A Brief History of and Introduction to the Church of the Holy Communion
CHURCH of the Holy Communion was founded in 1848 and was from the beginning one of the pioneer Anglo-Catholic parishes of this nation. The main portion of the present building was consecrated in 1855, eighteen months after the Reverend Anthony Toomer Porter began his ministry as rector. By 1871 the building had reached its present proportions: transepts east, north, and south, a recessed and ornamented apse for the altar, the stone High Altar and altar cross, the tile pavement of the sanctuary, and the hammer-beam ceiling modeled after that of Trinity Hall, Cambridge, England, were all put in place between 1868 and 1871. On Easter Day that same year 1871 Dr. Porter introduced the sweeping liturgical changes that were so event-making in his day: the wearing of eucharistic vestments and a solemn liturgy sung by a surpliced choir caused the News and Courier newspaper the next day to assert that “yesterday the Church of the Holy Communion went bodily over to Rome.” Controversial outside the parish perhaps, Dr. Porter’s desire to establish proper Anglican liturgical forms in an edifice fit for Catholic worship was wholly embraced by the congregation. Today our adherence to the faith of the One, Holy, Catholic and Apostolic Church grounded in a joyful Sunday High Mass continues to be our witness in this beautiful place to the principles of our Father Founder and the Anglo-Catholic movement worldwide.
HOLY Communion’s catholic social consciousness has always made her a leader in outreach to the community. An industrial school in our buildings to alleviate poverty was begun in 1860. In 1867 the Holy Communion Church Institute was started to educate local boys who would otherwise have gone lacking; this school still exists as the Porter-Gaud School. The parish fostered the establishment of a home for convalescent and needy women in 1874, and it sponsored a mission on the upper peninsula for forty years after 1898. In 1916 the first Boy Scout troop in Charleston was established here. In 1940 the Reverend William Wallace Lumpkin, rector, organized Saint Alban’s Parish at the Citadel, South Carolina’s premier military college. Today a food pantry and a medical clinic run by parishioners provide groceries, medicine, and health care to local citizens.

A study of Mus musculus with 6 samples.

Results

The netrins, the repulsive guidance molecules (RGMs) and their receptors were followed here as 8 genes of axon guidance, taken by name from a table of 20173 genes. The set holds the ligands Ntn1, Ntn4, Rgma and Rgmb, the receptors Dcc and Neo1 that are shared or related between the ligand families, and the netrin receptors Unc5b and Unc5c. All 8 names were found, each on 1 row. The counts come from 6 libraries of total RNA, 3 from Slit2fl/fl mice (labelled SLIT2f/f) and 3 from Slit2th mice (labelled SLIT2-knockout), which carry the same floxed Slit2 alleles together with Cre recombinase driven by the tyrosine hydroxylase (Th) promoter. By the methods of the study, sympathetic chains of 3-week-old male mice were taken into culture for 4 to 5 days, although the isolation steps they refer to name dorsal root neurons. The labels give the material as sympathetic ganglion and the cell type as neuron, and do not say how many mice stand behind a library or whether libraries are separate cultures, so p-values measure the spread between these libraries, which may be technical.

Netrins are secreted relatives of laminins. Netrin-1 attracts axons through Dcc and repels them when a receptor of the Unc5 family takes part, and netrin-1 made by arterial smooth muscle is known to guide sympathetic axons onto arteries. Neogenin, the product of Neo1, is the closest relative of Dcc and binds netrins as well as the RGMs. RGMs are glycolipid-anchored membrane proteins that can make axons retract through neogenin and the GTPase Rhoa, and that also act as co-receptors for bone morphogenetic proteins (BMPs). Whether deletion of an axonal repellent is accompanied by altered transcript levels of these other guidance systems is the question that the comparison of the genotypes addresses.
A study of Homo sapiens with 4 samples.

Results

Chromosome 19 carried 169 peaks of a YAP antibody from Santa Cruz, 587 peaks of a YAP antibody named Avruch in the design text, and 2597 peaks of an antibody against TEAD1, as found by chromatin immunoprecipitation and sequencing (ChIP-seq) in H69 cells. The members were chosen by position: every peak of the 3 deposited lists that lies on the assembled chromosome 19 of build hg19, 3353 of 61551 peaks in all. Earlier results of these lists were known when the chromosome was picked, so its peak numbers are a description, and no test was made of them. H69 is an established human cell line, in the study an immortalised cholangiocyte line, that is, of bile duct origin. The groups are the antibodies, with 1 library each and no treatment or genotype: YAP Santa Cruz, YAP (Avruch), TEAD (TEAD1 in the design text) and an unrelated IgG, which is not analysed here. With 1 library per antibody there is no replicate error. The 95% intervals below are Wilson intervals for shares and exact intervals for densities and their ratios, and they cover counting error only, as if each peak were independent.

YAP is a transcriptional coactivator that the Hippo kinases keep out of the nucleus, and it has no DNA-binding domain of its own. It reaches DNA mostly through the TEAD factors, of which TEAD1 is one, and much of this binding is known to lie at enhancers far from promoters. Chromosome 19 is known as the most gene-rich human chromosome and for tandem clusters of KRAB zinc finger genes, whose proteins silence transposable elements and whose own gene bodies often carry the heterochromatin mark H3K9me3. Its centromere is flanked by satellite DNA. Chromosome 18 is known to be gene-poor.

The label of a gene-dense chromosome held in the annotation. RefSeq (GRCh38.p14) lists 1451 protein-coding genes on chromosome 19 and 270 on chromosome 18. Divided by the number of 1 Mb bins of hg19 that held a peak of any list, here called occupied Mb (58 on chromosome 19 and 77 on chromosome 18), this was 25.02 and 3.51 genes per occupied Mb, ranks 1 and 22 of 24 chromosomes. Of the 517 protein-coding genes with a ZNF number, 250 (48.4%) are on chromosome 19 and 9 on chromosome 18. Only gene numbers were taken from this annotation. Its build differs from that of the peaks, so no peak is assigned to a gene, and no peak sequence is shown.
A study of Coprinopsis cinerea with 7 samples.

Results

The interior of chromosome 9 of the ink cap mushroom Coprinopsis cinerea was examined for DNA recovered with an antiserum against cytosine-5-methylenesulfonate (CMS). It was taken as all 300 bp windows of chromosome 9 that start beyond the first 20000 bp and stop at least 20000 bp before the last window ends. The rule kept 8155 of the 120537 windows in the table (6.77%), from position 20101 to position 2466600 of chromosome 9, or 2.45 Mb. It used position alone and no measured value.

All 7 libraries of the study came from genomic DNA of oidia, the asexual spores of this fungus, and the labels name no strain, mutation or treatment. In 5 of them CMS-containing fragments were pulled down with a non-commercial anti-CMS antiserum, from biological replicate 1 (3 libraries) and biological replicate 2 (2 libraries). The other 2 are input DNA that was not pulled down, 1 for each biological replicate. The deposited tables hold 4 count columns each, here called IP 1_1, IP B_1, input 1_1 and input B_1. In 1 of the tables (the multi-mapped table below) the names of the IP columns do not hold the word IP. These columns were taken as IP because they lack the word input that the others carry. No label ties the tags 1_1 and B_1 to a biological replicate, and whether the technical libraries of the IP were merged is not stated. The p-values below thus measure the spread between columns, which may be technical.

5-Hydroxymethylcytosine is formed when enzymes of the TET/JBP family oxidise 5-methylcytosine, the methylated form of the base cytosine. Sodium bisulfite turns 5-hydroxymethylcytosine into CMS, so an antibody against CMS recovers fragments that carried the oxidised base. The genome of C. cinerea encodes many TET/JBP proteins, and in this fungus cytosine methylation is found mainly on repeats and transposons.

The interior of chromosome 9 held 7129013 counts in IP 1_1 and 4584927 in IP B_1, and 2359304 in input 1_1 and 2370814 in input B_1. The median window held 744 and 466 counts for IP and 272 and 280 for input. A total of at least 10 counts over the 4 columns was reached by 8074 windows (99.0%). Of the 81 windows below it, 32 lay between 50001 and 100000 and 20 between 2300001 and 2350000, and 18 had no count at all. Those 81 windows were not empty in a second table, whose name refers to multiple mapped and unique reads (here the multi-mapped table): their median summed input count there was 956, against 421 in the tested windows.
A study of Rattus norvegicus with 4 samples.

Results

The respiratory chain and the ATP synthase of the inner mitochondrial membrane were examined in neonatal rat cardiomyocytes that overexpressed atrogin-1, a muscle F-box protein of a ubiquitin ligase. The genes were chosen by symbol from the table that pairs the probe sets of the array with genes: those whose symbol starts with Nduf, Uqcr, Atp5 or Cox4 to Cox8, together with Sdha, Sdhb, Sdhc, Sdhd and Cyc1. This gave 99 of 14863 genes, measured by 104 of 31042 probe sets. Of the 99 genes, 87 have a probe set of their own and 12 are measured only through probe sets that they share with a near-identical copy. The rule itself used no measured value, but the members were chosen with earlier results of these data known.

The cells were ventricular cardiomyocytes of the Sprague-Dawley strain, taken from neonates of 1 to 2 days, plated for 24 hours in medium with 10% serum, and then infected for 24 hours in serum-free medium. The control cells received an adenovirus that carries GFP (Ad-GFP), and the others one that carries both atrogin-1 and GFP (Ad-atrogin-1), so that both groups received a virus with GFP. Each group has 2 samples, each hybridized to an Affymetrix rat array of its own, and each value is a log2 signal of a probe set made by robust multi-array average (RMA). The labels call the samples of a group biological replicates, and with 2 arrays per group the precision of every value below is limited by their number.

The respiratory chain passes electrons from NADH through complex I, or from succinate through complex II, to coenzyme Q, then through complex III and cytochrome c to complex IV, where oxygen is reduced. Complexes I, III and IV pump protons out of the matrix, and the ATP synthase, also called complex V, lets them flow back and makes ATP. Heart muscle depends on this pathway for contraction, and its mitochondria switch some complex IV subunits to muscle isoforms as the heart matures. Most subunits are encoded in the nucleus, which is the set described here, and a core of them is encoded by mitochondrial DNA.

CHURCH of the Holy Communion has been an innovator and a leader in many ways, but she continues to be an unshaken foundational rock for the faithful in an age troubled by intellectual doubt and moral uncertainty. We proclaim here the Faith once delivered to the Saints: Jesus Christ, God and Man, crucified and risen from the dead. We profess the Three Creeds of the Church, proclaim the Scriptures as the Word of God, celebrate the Seven Sacraments for the life of God’s People, and offer the Holy Sacrifice of the Mass as the most perfect prayer of all the ages. Our devotional life embraces the best elements of the English religious heritage rescued by the Tractarians and their successors in the Anglo-Catholic revival in the 19th century. We proudly use the same liturgy today that Doctor Porter used in 1855, that so excited the press at Easter 1871, that has nourished the lives of Anglican saints since 1549, and of Catholic Christians since A.D.30 and the Resurrection. We see no way to improve on that patrimony.